Friday morning I’m going to get on the scale for the first time in a month. I only weigh in every month at this point because I treat the scale like a piece of medical equipment. It’s a single measurement of my progress, albeit an important one. Still, the thought of climbing on it every three days, or even once a week seems unhealthy to me. If I’m making the right choices and doing the right things than there shouldn’t ever be a surprise when I see the number.
All the same, I find I’m mentally preparing for my first real set back in two years. The timing couldn’t be stranger. My book actually arrives on Friday – what I expect to be the first month In 22 that I’ve possibly gained weight.
Now, I’m not sounding any alarms. These things fluctuate and I’m far from off the wagon, but the fact that I’m going in to it expecting the number to be heading the wrong way tells me I know that I haven’t been taking care of myself the way I should.
Now, I can list off excuses. Changes at work. The launch of the book. All of the marketing that goes along with making sure no one loses money. I’m stressed about my house and change my mind every two days about finding another place to live and taking on the costs that go with that. My mother’s birthday is in a couple of weeks and for the second year in a row I’m not going to be with her. My friends are having children I still haven’t met, and my goddaughter hasn’t seen me outside of an iPhone screen since I was 100 pounds heavier.
All of those things are true. They’re all things that are happening in my life that need attention. But if I’m making the right choices how am I worried that any of that has lead to a possible gain?
This is where the excuses fall off to the side. The gain, if there is one, isn’t because of any of those things. It’s because I’ve been to the gym twice since I was sick almost three weeks ago. I’ve stopped being selfish with my time. Not because there are bigger more important things happening in my life that require my attention, but because those other things make a nice excuse on a long day and you’re looking for a reason to nap.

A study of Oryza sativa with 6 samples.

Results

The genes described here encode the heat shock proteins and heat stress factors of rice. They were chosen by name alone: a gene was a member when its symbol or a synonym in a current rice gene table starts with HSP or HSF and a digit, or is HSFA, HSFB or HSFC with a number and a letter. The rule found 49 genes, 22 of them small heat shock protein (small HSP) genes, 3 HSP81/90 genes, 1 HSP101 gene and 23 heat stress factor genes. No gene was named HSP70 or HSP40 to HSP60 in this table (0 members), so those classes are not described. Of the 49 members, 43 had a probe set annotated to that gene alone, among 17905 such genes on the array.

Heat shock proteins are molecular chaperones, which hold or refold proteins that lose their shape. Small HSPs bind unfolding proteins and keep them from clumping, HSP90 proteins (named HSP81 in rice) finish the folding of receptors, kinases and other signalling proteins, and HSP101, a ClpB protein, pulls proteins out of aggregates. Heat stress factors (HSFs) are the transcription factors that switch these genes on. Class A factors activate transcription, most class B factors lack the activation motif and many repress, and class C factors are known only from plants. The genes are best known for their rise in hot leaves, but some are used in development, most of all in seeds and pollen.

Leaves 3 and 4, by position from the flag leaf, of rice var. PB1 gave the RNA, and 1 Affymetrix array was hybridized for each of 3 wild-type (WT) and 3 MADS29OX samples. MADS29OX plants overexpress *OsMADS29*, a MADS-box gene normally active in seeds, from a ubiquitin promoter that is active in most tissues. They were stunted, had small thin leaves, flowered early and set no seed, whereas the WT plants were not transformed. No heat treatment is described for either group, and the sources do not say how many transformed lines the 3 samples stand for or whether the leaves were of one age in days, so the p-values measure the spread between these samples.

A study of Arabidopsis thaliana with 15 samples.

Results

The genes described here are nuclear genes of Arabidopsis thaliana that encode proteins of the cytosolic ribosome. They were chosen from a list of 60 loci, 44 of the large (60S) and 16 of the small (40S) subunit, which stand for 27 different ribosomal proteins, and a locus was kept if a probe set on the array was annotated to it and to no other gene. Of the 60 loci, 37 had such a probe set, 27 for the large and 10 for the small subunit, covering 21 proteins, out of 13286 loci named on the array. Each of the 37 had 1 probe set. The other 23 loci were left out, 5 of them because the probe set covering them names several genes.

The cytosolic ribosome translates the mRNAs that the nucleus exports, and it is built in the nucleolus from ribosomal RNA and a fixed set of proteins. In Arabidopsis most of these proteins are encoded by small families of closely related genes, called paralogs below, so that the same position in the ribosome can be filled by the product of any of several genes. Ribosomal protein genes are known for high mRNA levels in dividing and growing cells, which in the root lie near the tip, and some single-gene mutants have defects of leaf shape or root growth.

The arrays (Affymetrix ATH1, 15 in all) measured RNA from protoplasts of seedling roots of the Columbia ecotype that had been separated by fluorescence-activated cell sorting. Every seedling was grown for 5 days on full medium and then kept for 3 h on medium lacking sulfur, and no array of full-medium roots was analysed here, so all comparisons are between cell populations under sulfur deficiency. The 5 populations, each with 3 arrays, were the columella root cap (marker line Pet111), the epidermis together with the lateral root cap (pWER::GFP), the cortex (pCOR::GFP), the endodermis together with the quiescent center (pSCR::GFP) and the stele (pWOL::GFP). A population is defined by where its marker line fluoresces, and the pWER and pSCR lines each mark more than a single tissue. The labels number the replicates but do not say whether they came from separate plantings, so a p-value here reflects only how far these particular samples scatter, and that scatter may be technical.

I barely have any sugar in my diet yet I’m up against cravings like I’ve never had before. I had friends over for drinks last Friday, and when they left I ordered a small pizza online. I was asleep on the couch when it arrived, and I ate one piece of it before heading to bed. I threw the whole thing out thing out the next morning wondering what had crept in to my head, with whisky thoughts or not, and let me think that was a good idea?
The key to handling these things successfully is being open and honest with yourself about the choices you’re making and figuring out what’s behind them. The benefit of two years of self-analysis and reflection about my old habits is that I know myself really well. I know I’ve been on the borderline of making self-destructive decisions the last few weeks. I know there’s a nervous energy about me that I haven’t had in almost two years.
And literally, as I write these thoughts down for the first time, I know why.
Because Friday my book is going to arrive at my office and right there in black and white, is a story without an ending. The whole premise of Fat Man Walking is that the best I can ever hope for is a daily commitment to dealing with this. I’m going to ship hundreds of copies of my story all over the country and for the first time ever there are parts of my life and this journey that are going to be out there, for the rest of my life, and for some time after that if anyone is kind enough to keep a copy or two after I’m gone.
The most empowering part of this? When these emotions would fuel bad decisions before I never had the knowledge to see them for what they were. The truth is my recent cravings and temptations haven’t been about wanting to taste those things again. It’s been about wanting to taste defeat again. To retreat to a place where I found comfort for so long. No matter how far any of us get in our journeys there is a voice that will whisper to you that you don’t deserve any of this, and while every logical part of my brains tells me I do – and that I have fought hard for it – there is still a part of me that’s 460 pounds, has given up on himself, and is scared to death of the world.
When I admit that, the timing of all of this makes sense. I am battling a fear this week – it’s a fear that comes with realizing people are soon actually going to read this book that that’s been a part of my daily life for almost 18 months. While I’m incredibly proud of it – there is an anxiety that comes with putting so much of yourself out there.
I’m grateful for the things I’ve learned over the last two years that let me see this for what it truly is – a chance to test the strength I’ve built so far.